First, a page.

Cameras kept busy snapping speeders in Saskatchewan

Cameras kept busy snapping speeders in Saskatchewan

The first batch of results from SGI’s recently-launched photo radar program are in, and they’re not good.

SGI launched the two-year pilot project at high-speed enforcement areas last December.

SGI had said earlier in the month that nearly 5,000 warnings had been given to speedy drivers. Now the crown has received a full set of data from Xerox, the company gathering the data, which shows a lot more notices will need to be sent out.

The data shows that in December 2014, 16,199 vehicles were going above the posted speed limit while passing cameras at Moose Jaw on Highway 1, Regina’s Ring Road, Saskatoon’s Circle Drive, Highway 1 east of Regina and Highway 12 near Martensville. Meanwhile, 5,478 vehicles were driving too fast in school zones in Moose Jaw, Regina and Saskatoon. Not all of the vehicles have received their notices to date.

Most of the province’s cameras launched on Dec. 8, 2014, with the exception of the Moose Jaw cameras which have been operating since Nov. 15. For the first two months, drivers were only get warning letters. Afterwards, drivers will receive tickets.

Agencies/Canadajournal





    1. It feels far more dangerous when you’re driving 90-95 and come up to someone now driving 60-70. There are also many “speed bump” brakers slamming on the brakes at the cameras. I don’t feel safer, I feel used by SGI to fund them. Traffic is also far heavier and slower (too slow; 60-70) since radar.

      • In Regina at least, these speed cameras have made driving on the Ring Road more dangerous, as the road has grown considerably more congested. If safety was one of their goals (and I will bet my bottom dollar it as used as a selling point to the public for the implementation of this nothing-more-than a new revenue stream), they failed.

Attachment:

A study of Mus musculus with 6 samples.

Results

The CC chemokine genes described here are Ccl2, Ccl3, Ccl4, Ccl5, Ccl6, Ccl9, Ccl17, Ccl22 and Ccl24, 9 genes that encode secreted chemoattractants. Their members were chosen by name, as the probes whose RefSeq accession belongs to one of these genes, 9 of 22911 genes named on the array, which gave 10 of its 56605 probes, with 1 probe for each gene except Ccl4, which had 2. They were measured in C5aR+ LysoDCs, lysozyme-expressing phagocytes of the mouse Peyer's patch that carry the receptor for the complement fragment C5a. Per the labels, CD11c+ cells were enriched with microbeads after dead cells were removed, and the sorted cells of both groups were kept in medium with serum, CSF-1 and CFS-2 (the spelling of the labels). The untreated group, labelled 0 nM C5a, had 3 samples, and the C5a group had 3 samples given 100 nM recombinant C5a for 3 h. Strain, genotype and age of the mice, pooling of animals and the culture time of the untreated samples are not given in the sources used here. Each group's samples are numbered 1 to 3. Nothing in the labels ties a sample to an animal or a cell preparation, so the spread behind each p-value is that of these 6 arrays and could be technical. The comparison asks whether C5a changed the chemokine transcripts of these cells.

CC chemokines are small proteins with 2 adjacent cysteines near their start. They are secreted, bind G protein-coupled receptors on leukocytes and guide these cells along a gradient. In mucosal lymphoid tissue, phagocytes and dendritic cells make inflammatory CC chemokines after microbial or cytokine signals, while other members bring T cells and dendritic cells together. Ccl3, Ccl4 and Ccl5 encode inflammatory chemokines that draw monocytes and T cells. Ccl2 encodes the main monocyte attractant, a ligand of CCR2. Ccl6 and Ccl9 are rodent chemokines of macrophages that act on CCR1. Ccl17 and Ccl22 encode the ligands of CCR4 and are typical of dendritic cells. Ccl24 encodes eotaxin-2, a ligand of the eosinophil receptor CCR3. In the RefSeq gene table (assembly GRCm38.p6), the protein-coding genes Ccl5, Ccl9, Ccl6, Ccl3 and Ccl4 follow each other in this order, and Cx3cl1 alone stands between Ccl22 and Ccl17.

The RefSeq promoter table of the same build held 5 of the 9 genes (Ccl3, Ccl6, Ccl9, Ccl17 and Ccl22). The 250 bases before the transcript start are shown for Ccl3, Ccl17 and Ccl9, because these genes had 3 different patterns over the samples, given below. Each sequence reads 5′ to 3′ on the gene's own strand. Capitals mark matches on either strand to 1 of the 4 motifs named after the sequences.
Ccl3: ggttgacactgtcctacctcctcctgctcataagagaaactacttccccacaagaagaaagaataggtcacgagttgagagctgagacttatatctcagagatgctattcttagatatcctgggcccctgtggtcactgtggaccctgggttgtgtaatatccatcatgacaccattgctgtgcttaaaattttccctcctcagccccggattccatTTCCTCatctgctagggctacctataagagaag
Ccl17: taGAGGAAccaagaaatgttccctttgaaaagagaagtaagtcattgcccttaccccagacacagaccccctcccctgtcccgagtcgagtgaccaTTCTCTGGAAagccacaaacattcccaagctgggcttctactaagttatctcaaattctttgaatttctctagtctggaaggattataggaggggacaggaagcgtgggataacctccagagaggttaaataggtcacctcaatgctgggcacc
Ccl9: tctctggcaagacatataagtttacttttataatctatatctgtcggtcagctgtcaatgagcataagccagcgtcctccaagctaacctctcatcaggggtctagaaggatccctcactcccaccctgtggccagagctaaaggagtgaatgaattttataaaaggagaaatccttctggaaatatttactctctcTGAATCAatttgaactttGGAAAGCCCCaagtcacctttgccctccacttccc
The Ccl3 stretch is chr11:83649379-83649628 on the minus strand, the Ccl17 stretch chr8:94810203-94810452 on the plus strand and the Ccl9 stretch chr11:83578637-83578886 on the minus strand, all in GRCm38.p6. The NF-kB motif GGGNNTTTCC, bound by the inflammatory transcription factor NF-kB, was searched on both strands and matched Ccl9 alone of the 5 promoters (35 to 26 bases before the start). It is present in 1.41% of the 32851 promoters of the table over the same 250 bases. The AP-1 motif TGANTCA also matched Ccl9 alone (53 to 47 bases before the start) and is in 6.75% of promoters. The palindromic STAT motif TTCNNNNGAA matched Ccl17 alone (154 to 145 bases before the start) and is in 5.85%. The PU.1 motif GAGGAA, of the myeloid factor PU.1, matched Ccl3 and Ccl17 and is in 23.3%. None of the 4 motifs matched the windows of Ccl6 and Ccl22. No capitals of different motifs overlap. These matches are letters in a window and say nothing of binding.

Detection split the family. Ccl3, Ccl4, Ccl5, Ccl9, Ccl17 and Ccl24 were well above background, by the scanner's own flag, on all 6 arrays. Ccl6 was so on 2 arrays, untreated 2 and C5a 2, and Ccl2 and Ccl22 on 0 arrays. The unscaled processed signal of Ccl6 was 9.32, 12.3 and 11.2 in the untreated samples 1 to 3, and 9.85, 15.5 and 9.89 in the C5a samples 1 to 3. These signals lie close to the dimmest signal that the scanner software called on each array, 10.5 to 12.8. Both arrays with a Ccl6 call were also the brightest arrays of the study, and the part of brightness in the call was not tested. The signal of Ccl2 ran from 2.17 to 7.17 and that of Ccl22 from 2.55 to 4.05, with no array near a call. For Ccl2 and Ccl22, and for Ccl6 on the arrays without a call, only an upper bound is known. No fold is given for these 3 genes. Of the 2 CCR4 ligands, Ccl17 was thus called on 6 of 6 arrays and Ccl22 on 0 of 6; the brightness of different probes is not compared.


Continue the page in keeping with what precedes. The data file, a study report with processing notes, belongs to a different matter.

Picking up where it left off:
2. Typical uneducated Canadian law enforcement. Why do you suppose Europe has much lower accident rates than North America?

      Because Europeans know that what kills is speed differential, not absolute speed.

      If we ever get enlightened in Canada, we’ll start to see speed limits that are reasonable for the roads and we’ll also see posted minimum speed limits. This would actually help save lives, but unfortunately it won’t raise the same revenues.

    3. Make no mistake, these ‘BRAD-CAMS’ have nothing to do with safety. This is strictly about revenue generation by SGI and the Wall government. In Alberta (City of Edmonton), $41 million dollars of additional revenue was collected from Alberta drivers in 2013 from their radar camera program. This provided a nice, steady flow of additional cash in to the city and since very few people have the time, energy or inclination to fight these (largely) excessive fines, they mostly go unopposed and are paid. Do some research on the error margin with photo radar cameras and realize if most citizens fought the tickets they were issued, the program would most likely not continue past its ‘probation’ period…

    4. Had this program in BC for a while. Worked like it was supposed to, slowing down the speeding twits who think that laws apply to everyone but them. Actually looked good on them getting their tickets in the mail and whining and snivelling about it on TV and letters to the editor. Unfortunately the Guberment of the day, yep the same one we still have, caved to the whiners and snivellers. A shame really, this is a program that works, odd for a Guberment idea but it worked nonetheless.

    5. Cameras as just a way to enforce a velocity tax. They have NOTHING to do with safety.